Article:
The Liberal Democrat leadership suffered an embarrassing defeat last night as activists rejected Government plans to allow some courts to sit in private to hear evidence relating to national security.
A succession of critics warmed that the moves would undermine fundamental principles of open justice. The architect of the proposals, the former Justice Secretary Kenneth Clarke, insists the scheme is essential to help the Government defend itself in a limited number of civil cases.
Liberal Democrat ministers had urged delegates not to back the rebel motion, arguing that much of the Justice and Security Bill, which contains the controversial proposal, was in the public interest.
But activists at Brighton called by a huge majority for their MPs and peers to "press for the withdrawal or defeat" of the Bill.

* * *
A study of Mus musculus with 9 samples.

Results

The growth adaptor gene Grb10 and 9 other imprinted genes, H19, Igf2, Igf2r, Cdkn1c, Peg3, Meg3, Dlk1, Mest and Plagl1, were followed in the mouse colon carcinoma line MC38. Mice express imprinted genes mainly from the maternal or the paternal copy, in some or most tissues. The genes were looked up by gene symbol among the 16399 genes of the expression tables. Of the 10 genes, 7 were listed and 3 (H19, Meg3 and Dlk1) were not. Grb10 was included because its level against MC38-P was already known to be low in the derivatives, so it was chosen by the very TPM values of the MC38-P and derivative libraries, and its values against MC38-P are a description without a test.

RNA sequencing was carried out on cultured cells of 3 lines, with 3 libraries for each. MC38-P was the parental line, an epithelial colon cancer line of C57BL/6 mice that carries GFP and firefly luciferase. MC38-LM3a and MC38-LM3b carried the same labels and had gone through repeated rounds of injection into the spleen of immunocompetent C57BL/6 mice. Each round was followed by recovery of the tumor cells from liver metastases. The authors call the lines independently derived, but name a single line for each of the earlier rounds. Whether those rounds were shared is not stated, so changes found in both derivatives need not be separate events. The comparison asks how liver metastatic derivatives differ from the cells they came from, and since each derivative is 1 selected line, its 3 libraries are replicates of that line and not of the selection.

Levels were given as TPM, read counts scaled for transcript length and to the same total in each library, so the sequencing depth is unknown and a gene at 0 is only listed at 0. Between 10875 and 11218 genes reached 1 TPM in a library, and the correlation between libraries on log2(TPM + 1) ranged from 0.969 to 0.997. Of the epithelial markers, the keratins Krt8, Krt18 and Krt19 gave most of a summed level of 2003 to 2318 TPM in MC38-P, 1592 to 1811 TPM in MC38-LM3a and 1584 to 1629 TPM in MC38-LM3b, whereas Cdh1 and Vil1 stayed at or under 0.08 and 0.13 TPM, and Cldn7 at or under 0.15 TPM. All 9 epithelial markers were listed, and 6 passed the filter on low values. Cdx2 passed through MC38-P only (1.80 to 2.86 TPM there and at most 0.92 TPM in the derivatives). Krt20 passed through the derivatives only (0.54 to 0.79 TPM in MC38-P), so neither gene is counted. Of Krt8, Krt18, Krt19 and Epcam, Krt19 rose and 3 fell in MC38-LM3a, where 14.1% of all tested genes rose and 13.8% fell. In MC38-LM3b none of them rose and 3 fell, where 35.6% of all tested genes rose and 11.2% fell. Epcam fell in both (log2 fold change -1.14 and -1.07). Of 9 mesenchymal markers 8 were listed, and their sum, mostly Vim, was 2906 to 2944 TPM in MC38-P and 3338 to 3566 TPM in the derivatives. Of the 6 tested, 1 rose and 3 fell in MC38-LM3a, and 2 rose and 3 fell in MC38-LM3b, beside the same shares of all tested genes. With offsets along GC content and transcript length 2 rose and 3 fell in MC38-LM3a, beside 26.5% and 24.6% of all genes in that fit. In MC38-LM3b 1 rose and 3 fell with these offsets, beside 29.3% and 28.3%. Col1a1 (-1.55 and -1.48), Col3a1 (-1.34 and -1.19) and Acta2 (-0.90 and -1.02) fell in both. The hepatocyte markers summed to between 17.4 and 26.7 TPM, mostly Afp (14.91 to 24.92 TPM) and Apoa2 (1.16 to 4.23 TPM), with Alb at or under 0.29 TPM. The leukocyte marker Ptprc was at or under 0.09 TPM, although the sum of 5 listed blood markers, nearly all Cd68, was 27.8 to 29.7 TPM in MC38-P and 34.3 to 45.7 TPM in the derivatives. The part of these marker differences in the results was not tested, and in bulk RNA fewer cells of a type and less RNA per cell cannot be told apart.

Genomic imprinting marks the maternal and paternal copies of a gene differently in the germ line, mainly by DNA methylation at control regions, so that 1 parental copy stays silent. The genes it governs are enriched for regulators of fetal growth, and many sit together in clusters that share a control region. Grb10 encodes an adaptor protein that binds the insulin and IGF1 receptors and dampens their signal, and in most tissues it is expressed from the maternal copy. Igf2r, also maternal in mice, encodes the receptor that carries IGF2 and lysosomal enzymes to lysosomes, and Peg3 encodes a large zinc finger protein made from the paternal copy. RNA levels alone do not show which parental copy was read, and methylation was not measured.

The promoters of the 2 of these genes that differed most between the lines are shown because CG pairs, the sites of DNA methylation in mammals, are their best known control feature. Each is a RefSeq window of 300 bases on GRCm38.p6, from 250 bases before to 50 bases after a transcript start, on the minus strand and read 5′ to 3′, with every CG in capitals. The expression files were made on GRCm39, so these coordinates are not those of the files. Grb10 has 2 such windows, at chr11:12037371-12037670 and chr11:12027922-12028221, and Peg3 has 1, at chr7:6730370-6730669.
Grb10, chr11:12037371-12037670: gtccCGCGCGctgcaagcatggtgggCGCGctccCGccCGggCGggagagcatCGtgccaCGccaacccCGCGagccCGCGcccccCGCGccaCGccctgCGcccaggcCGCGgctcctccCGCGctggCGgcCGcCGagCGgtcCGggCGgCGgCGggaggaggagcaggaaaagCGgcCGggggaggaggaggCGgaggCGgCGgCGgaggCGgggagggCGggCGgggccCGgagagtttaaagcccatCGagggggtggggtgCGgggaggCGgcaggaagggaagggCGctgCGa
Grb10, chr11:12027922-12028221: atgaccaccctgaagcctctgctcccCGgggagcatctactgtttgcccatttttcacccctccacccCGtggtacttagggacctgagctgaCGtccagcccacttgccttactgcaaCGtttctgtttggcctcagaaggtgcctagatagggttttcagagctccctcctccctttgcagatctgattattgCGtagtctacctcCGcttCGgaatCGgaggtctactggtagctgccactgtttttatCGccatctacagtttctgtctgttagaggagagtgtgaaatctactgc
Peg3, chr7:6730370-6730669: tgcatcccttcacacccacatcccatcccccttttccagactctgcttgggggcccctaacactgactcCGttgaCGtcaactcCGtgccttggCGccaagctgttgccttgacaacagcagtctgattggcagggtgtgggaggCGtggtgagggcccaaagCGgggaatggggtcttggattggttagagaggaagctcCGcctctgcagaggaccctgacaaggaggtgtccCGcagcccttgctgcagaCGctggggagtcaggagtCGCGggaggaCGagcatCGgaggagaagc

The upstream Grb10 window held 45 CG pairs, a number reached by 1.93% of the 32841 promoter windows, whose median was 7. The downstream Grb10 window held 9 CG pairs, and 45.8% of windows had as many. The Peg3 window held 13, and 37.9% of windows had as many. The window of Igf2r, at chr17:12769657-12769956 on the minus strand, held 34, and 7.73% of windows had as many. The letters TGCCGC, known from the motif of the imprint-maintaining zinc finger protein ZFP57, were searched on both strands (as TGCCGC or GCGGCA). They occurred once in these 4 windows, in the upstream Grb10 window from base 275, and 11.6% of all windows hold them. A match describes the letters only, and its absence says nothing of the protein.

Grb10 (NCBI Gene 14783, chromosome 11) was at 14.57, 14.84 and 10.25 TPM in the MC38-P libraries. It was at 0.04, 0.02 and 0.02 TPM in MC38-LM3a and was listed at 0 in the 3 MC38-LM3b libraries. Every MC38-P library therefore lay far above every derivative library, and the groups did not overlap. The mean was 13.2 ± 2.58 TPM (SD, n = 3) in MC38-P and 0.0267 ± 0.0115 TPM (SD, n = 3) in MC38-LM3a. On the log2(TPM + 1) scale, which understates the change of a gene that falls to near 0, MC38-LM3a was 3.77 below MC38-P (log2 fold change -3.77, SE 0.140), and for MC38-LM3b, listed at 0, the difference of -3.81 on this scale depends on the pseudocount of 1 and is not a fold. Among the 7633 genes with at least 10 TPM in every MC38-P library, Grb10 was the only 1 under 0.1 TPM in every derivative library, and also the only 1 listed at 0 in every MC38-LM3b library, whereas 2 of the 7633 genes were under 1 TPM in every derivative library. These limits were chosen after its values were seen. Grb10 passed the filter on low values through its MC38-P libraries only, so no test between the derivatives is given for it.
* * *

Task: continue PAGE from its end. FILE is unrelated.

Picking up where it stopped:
The Liberal Democrat peer Lord Strasburger denounced the proposed legislation as "hopelessly flawed and beyond repair".
Nick Clegg is expected to use the vote to try and gain more safeguards against the secret courts provision being abused.
After the defeat, Lord Wallace, a Government law officer, said: "It has always been the Government's intention that closed courts should only be used as a last resort and in a very small minority of cases where the alternative is no justice at all."
* Simon Hughes, the Liberal Democrat deputy leader, accused some banks of making racist decisions over lending. He said he had heard of banks turning down requests from black people even if they had a "better financial reputation" than white customers.